Surviving the Holidays: How to beat (not eat) your holiday stress

This is a topic that I usually discuss in support groups around this time of year, but this year I decided to write a blog entry to share my thoughts and ensure that more people are able to read it and learn from it. First, I want to debunk a holiday weight gain myth. Media suggests that the average person gains between 7- 10 pounds between Thanksgiving and the New Year, but several studies suggest that the average weight gain is only about a pound. With that being said, don’t go into this season already assuming that you are going to be gaining a ton of weight and/or going up one clothing size. Further, if you go into the holiday season thinking that, then you just may do that. This can be explained by the self-fulfilling prophecy, which is a belief that comes true because we are acting as if it is already true. In other words, if you are expecting to gain weight during the holidays, you will most likely change your behaviors in a way that will be in line with that belief and therefore gain weight. So, first, know the facts. You are most likely going to gain only about a pound so don’t tell yourself you will, or you will. Instead, be positive and realistic. Accept the fact that most people gain a pound or so.

Now you may be asking yourself why should I expect to even gain a pound, or better yet, why are we even talking about this? By knowing this information you can start planning and learn tips to help you stay on track. The reason is that it is truly difficult for anyone to not gain weight during this time of year. Holidays typically include a lot of social gatherings, which include office parties, family and friend gatherings. These gatherings may include alcohol or other liquid empty calories, including sugary beverages. When there are social gatherings there are typically also finger foods and appetizers, snacks, sugar cookies, chocolates, pies, and other desserts. You can see how those calories just start adding up. Holidays can also be stressful for many reasons, including being around family, needing to buy gifts, decorating, and traveling. Further, when we are traveling, that also means that we are not home and not in our normal routine (both in terms of food and physical activity). This can also be quite stressful.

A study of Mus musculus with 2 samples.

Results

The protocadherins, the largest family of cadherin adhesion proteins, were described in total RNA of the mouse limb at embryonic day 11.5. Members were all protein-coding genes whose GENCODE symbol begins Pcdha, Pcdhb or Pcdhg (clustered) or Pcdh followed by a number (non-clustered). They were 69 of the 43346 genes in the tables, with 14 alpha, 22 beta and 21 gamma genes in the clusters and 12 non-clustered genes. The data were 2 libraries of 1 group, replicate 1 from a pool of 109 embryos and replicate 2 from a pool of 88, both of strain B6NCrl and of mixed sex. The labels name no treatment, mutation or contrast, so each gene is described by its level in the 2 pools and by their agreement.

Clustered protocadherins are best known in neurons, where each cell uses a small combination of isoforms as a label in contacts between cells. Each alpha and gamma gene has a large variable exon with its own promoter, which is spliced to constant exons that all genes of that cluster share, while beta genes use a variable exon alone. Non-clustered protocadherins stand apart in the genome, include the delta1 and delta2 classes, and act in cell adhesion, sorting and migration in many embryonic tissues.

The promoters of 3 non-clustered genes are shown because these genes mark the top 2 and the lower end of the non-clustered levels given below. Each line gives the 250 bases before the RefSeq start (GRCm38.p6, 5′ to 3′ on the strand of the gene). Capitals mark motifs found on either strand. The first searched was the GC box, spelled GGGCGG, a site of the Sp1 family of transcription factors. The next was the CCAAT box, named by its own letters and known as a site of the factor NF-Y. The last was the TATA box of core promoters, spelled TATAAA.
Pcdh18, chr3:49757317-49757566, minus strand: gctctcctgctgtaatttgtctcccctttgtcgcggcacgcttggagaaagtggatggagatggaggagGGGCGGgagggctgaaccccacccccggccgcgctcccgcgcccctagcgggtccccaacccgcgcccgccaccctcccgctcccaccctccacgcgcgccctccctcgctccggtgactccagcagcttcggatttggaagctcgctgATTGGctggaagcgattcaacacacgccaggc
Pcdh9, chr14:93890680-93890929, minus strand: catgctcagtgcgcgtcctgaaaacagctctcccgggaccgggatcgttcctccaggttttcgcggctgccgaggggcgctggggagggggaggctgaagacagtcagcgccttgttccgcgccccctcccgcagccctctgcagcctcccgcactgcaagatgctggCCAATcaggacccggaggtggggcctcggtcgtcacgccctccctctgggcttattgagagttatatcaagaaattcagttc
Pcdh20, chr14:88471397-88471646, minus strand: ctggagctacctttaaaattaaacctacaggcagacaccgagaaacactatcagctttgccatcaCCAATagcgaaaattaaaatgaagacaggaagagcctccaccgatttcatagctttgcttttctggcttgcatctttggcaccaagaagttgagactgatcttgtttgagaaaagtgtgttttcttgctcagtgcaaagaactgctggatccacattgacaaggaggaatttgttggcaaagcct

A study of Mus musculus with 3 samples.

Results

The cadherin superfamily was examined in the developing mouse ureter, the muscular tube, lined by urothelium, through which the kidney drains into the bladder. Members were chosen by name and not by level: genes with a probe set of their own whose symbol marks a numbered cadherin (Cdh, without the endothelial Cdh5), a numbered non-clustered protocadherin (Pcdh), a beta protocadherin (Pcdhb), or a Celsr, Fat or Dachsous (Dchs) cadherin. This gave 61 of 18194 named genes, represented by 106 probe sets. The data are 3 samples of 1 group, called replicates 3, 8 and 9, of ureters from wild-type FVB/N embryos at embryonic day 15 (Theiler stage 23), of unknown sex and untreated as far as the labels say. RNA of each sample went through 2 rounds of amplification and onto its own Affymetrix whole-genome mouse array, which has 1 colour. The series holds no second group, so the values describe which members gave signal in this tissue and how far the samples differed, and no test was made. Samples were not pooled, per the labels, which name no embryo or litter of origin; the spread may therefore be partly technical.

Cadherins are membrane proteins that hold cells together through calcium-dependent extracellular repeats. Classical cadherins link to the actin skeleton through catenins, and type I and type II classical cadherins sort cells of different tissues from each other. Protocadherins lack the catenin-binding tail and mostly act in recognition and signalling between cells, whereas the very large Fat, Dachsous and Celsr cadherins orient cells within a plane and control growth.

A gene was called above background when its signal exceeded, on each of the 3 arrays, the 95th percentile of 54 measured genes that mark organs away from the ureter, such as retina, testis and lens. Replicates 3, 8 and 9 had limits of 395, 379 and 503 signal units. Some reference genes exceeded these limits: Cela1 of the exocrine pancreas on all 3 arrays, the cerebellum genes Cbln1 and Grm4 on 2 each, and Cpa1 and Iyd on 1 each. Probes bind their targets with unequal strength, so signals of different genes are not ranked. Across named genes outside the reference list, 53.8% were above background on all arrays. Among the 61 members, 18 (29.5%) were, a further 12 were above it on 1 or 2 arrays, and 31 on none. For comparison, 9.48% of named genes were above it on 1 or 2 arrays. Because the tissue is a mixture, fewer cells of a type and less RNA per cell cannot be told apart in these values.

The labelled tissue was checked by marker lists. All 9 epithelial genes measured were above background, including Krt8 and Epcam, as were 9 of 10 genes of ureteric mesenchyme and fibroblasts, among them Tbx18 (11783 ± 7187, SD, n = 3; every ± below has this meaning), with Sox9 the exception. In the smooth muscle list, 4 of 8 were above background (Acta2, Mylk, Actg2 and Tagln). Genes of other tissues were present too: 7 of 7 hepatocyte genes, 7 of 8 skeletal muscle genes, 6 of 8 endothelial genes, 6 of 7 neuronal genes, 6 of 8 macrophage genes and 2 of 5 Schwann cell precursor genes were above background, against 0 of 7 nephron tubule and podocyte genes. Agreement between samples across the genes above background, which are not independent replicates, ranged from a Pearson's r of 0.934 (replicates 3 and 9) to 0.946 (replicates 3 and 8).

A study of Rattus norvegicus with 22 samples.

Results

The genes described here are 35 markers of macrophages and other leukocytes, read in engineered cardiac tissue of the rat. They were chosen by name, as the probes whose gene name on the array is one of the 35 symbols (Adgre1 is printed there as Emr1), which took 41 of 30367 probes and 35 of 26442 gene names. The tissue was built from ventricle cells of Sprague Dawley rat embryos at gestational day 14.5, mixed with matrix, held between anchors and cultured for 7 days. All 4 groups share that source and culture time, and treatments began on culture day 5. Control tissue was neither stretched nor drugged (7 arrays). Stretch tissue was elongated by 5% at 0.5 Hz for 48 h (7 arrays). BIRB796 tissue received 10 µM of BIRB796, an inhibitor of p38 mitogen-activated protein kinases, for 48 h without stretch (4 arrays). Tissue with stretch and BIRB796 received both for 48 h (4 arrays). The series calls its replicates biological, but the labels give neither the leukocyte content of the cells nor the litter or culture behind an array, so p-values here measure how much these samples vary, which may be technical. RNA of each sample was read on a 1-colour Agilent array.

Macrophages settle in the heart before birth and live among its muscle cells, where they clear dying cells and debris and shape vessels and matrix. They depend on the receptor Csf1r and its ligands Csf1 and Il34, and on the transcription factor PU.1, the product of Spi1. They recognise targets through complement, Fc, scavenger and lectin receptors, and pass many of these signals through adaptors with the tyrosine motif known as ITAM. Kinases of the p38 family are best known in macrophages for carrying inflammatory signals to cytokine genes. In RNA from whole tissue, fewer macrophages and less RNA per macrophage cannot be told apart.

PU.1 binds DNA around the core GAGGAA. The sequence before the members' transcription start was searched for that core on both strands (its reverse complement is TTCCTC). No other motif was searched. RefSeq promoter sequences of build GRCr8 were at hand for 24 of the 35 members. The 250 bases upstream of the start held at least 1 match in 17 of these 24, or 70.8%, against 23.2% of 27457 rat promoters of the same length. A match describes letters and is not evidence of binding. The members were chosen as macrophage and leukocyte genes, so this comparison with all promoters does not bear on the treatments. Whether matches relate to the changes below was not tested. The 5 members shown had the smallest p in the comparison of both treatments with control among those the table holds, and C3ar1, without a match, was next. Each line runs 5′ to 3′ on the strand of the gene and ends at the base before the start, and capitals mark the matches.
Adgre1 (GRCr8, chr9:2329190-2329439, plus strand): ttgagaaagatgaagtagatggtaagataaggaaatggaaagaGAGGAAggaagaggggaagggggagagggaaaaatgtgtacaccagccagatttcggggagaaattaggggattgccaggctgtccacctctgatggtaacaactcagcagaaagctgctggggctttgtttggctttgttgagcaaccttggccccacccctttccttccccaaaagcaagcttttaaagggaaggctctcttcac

To summarize and name just a few things that happen around this time of year, we have the holidays, more food readily available, potential stress, and traveling. Therefore, it shouldn’t surprise you why it is hard to not gain weight, but it is also important to know that it is NOT easy to lose weight during this time either. With that being said, I urge you to not even try to lose weight during this time. Also, be good to yourself. Go into the holiday season telling yourself that you are NOT going to beat yourself up IF you do gain some weight. Now, with a few tips, the hope is that you will stay on track and have an easier time beating that holiday stress and NOT eating it. The goal is for you to come out of this season, NOT starting a diet on January 1st (which will be the topic of a future blog) but also acknowledging that you did the best you could during this not so easy time.

Dr. Rachel’s Tips to a Healthier Holiday Season

  1. Focus on weight management and not weight loss during the holidays. Set realistic goals for the holiday season, including a goal to maintain your weight (not to lose weight!).
  1. Make a plan. It’s easier to deal with a situation if you have planned ahead.
  1. Plan on NOT dieting or skipping meals before the holiday meal. Eat regularly throughout the day to limit the chances of binging or overindulging. Remember it’s a LIFESTYLE. Also, make a plan to NOT diet after the New Year. Anticipation of food restriction could set you up for binge type eating over the holidays.
  1. Anticipate stressful situations and develop a list of how you will handle these challenges. (i.e. if you eat out of emotion and know you will have family stressors at the dinner table).
  1. Eat something small and healthy before you go to a party or holiday gathering so you don’t show up starving and then end up eating with your eyes.
  1. If you are at a holiday meal (especially buffet style) don’t just pick up a plate and get in line. This will lead to a full plate of food and overeating. Instead, take a few minutes to scan the room and see what is there. Walk around and look at the food. Come up with a strategy.
  1. Choose wisely – ask yourself “What do I really want and enjoy?” Don’t waste calories on things you do not really enjoy, even if they look good.
  1. Make the healthier choice. The healthiest choice may not be available, but there is always a healthier choice.
  1. Avoid empty calories (i.e. juice, soda, alcohol, energy drinks)
  1. Create new routines and traditions. Get Moving and stay active. Maybe include your family or friends and go for a walk while the food is cooking, or afterwards to get fresh air. Other great activities are: signing up for a walk/run, or playing a sport together.

Remember: Celebrations are really about family, friends, and traditions – not food.

Please feel free to comment, add additional tips, as there are many more we can discuss, ask questions, etc. We are all in this together and something that works for you may also work for someone else.

To a healthy holiday season and being Healthie 4 Life!